This post is a hard look at something we all hope to never have to know. Thank you to the lovely LeeAnn of Five Moms for helping us navigate this issue!
Substance abuse: it’s a topic every parent hopes to never have to seriously address with their teen. Unfortunately, it’s an issue that’s far more prevalent than we’d like to acknowledge.
As a social marketer, I have worked in prevention for more than 15 years, with the past seven directly in educating parents and adolescents about substance abuse. From my professional and personal experiences, I know that many teens believe that abusing over-the-counter (OTC) cough medicine is “less dangerous” than abusing illicit drugs. Teens may have this belief, and ultimately choose to experiment with OTC cough medicine, because it is affordable and perceived to be easily available. In fact, roughly one out of three teenagers knows someone who has abused OTC cough medicine to get high.
Let’s walk through a scenario that could play out at home:
It’s the wintertime, and you feel your annual cold coming on. When you go to your medicine cabinet, you find that all your cough medicine is missing. You think nothing of it. Maybe your memory has failed you once again! That same week, you go into your 16-year-old son’s room to speak with him, and see two empty bottles of cough medicine in his trash can. When you ask him about it, he says that they both belonged to his friend who stayed over the past weekend and was sick. Over the next few months, your son’s friends change, as do his sleeping and eating patterns. His grades in school are also slipping. On one of the rare weekends he decides to spend at home, you approach him about the recent changes. He is especially combative, arguing that you are imagining things, and says that he is no different than before. You remind yourself that he’s a teen boy, so maybe it’s all a part of growing up.
The above scenario highlights several warning signs of OTC medicine abuse (missing medicine from home medicine cabinets, empty cough medicine bottles in your teen’s room, changes in your teen’s friends and behaviors, declining grades, and a hostile attitude) that many parents might simply shrug off as “typical” teen behaviors. Other warning signs include:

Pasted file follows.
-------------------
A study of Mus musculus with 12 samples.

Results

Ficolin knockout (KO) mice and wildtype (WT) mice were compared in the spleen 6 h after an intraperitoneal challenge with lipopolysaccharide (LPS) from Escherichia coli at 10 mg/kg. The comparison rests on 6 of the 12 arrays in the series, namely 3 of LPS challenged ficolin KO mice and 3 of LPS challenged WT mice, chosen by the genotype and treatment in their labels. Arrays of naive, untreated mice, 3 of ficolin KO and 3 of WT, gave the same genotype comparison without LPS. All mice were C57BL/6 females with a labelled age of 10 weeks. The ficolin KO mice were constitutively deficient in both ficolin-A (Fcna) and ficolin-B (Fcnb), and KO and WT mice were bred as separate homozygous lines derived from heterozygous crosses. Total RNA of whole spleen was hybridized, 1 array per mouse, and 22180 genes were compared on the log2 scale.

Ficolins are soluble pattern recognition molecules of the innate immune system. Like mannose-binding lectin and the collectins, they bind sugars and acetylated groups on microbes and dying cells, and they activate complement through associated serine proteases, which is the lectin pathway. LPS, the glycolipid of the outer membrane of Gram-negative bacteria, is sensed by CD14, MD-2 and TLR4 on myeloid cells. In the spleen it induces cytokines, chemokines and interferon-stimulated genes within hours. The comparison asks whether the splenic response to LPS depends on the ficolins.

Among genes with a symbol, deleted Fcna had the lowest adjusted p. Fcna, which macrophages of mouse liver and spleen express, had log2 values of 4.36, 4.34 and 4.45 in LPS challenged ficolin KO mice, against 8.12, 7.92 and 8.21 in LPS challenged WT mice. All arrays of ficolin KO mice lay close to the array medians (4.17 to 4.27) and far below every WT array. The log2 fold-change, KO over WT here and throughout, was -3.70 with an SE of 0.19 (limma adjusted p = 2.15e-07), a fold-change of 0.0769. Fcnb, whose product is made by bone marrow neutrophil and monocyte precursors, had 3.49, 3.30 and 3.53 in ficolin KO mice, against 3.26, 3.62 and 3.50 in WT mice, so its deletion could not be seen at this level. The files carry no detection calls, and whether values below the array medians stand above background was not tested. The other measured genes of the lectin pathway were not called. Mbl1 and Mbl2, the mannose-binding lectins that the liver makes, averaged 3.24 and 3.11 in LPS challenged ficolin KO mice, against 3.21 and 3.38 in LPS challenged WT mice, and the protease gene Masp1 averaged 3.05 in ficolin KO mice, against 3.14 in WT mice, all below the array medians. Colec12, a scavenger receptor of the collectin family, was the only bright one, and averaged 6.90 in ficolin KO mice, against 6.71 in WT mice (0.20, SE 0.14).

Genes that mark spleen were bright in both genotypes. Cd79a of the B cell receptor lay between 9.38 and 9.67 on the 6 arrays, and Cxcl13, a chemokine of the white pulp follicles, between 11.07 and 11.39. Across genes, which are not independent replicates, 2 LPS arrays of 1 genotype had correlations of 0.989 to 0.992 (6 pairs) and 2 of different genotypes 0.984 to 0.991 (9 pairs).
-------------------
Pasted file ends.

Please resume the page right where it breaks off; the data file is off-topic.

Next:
- Hearing your child use certain slang terms for cough medicine abuse, such as skittles, skittling, tussin, robo-tripping, robo, CCC, triple Cs, dexing and DXM
- Seeing that your teen has visited pro-drug websites that provide information on how to abuse cough medicine
- Your teen’s loss of interest in hobbies or favorite activities
- The arrival of unexpected packages in the mail
- Unexplained credit card charges or the disappearance of household money
- Unusual chemical or medicinal smells on your child or in his or her room
While OTC cough medicines have a long history of safety and effectiveness when taken as directed, when abused, the cough suppressant active ingredient dextromethorphan (DXM) can cause side effects like mild distortions of color and sound, hallucinations, and loss of motor control. Other side effects of abuse to look out for include:
- Nausea and vomiting
- Stomach pain
- Slurred speech
- Rapid heart beat
- Numbness of fingers and toes
When parenting teens, it can be hard to draw the line between being aware and being overly suspicious. You want your teen to feel trusted, but you also want to protect your child from making poor decisions. One of the best ways to find balance is to keep your eyes open to the warning signs and side effects outlined above. Of course, some of these may simply be a result of your teen being a teenager. However, if you think your teen might be abusing OTC cough medicine or other substances, trust your gut and start a conversation. Openly voice your suspicions, but avoid direct accusations that may make your teen feel attacked. More than anything, you want your child to know that you care about his or her health and safety. If you need support, check out these helpful resources. You can also learn more about preventing medicine abuse here.
LeeAnn Weniger-Mandrillo is the mother of her young son, James, and raised her nephew Andrew, who is now 23. LeeAnn is passionate about empowering individuals, families and communities through her work with Stop Medicine Abuse and the Five Moms.